Immediately following my blog post, Destined for Food to be the Focal Point, I was contacted by a friend on Facebook, who I had been connected to by a mutual friend. She expressed an uneasy concern about how my description of Austin’s symptoms and issues matched that of her, at the time, six-month-old son. We spoke in detail over the phone and through text messaging, and we both concurred that all signs pointed toward food allergies. However, pediatricians do not advise testing until babies reach the one year old mark. She, a Rutgers University graduate with a psychology degree, and I, a Michigan State University graduate with an elementary education degree, were brainstorming and strategizing on how to alter her diet by eliminating allergens to track changes in her son’s skin condition and physical reactions (i.e. spitting up, vomiting, etc).
Similar to myself, Domenique Edwards had an older daughter who was 2 years old at the time her son was six months old. Her frame of reference was, of course, her daughter, so she was aware something was wrong, but needed help. As a mother, this can be one of the scariest moments of all time: knowing your child is suffering, but unaware of who to call, how to determine the issue, and if there is a way to resolve it. I lived it. I get it. Domenique was fearful, inexperienced, concerned, and unsettled; the same exact words I would use to describe the way I felt during the time of Austin’s unknown conditions.
Her baby was born with eczema, and she was advised by her doctor to use cortisone cream to treat his skin. Her angst to use Cortisone drove her directly to Whole Foods Market where she purchased and experimented with every single cream and treatment. When those did not resolve the eczema, she invested in Arbonne and Harmon products. You name it, she bought it, and tried it. Finally, she came upon the Mustela brand, and that, along with oatmeal baths, alleviated some of the inflammation.
Domenique frantically called me to express her concern, yet relief, at the same time. She described it as an, “Aha,” moment. At six months old, the time I published my blog, Domenique watched as her son’s dry skin and rashes turned to hives. There was clearly a much larger case than just eczema.
Immediately following our conversation, she called to schedule an appointment with a local pediatric allergist. Sure enough, her son tested positive for cow’s milk, peanuts, and tree nuts. Though she had resolved many questions, the severity of his reactions once he came in contact or consumed these allergens remained unknown, and still do.
“It was such a blessing when Erin began blogging,” Domenique explained. “The timing was perfect because as I was finding out about my son, she, unfortunately, had gone through the overwhelming episode her son had after he ingested peanuts. My first thoughts, as I cried reading about it, was always, ‘What will I do, and will I react fast enough if my son stops breathing as he tries new foods? Are there going to be more allergies, in addition, to the ones he tested positive for?”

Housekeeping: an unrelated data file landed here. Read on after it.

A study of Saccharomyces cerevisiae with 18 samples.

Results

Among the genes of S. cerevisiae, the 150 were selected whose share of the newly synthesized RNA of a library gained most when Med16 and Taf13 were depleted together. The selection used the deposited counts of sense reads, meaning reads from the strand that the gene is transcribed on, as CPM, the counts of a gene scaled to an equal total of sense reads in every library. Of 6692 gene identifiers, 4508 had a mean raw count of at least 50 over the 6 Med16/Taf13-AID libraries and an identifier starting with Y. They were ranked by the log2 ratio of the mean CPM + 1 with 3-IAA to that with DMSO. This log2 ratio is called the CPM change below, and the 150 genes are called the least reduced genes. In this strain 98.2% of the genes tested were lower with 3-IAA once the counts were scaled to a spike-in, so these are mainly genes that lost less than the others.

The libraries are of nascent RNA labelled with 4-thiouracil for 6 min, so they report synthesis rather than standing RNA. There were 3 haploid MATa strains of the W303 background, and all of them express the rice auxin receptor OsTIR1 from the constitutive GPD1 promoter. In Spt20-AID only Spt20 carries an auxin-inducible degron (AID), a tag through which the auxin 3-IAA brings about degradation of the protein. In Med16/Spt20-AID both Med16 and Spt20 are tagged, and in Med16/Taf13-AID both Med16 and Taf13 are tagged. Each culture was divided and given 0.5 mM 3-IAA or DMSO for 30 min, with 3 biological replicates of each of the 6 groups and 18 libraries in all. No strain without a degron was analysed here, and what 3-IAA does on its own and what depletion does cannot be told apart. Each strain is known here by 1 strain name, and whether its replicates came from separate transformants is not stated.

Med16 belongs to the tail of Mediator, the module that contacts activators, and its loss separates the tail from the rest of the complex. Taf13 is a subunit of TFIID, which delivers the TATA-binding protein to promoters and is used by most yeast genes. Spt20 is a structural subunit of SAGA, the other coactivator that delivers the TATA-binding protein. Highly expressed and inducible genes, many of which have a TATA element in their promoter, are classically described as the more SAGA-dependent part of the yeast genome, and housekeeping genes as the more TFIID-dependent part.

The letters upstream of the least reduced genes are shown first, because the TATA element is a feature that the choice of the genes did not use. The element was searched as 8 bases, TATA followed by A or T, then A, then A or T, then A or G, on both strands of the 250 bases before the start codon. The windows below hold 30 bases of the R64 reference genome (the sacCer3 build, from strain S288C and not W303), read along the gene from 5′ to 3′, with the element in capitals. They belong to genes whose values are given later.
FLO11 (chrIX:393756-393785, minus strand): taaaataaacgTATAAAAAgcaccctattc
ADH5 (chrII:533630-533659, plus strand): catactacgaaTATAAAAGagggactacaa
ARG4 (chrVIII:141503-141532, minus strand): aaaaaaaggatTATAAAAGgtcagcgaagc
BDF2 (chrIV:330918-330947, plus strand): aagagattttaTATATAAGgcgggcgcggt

As a mother to a child with food allergies, not only are you constantly protecting him or her from physical reactions, but you are from emotional ones, as well. It is heartbreaking, no matter how many times you do it, to take your child to a birthday party where pizza and cake is served, and you watch as all the children are bonding over the special treats, and your child is secluded for safety. Sure, we understand that there are worse things out there, but as a mother, we all strive for our children to be included and participate in any activity.
She continued, “Hearing the struggle that Erin went through was heartbreaking, but reassuring, knowing my son will be okay. To this day, it breaks my heart that he can’t have the things that my daughter can or go to a party and eat cake and pizza. Even when we go out to dinner I have to make sure I cook a meal to feed him beforehand or bring along with us. It’s a way of life for us now. I still have control of my son because he is only a year old. My fear is when he begins school and other things out of my control. I’m also praying he grows out of these, as well. There’s still hope, and I understand that God wouldn’t give me anything that I couldn’t handle! If you watch my son eat… He is definitely not deprived! And he is a happy, little guy.”
My mission in blogging and speaking about both of my personal experiences regarding food is to educate, help others who are struggling, and inspire people to overcome obstacles they encounter. I reached Domenique in my blog about Austin’s food allergies, and to me, I could not be happier. If my experiences help others, than my goal is achieved.
Thank you Domenique Edwards for sharing your story, and how my blog positively affected you, your son, and your family.
Domenique Edwards graduated from Rutgers University in 2007 with a psychology degree. She went on to play professional soccer, and then coached at the collegiate level at Monmouth university, while pursuing a MAT degree in special education. She is now employed as a physical educator at an all girls private high school. She has demonstrated strength and perseverance in sports, school, and now, her family, and I could not be happier to have been a part of her journey in finding a diagnosis and treatment plan for her son to regain health.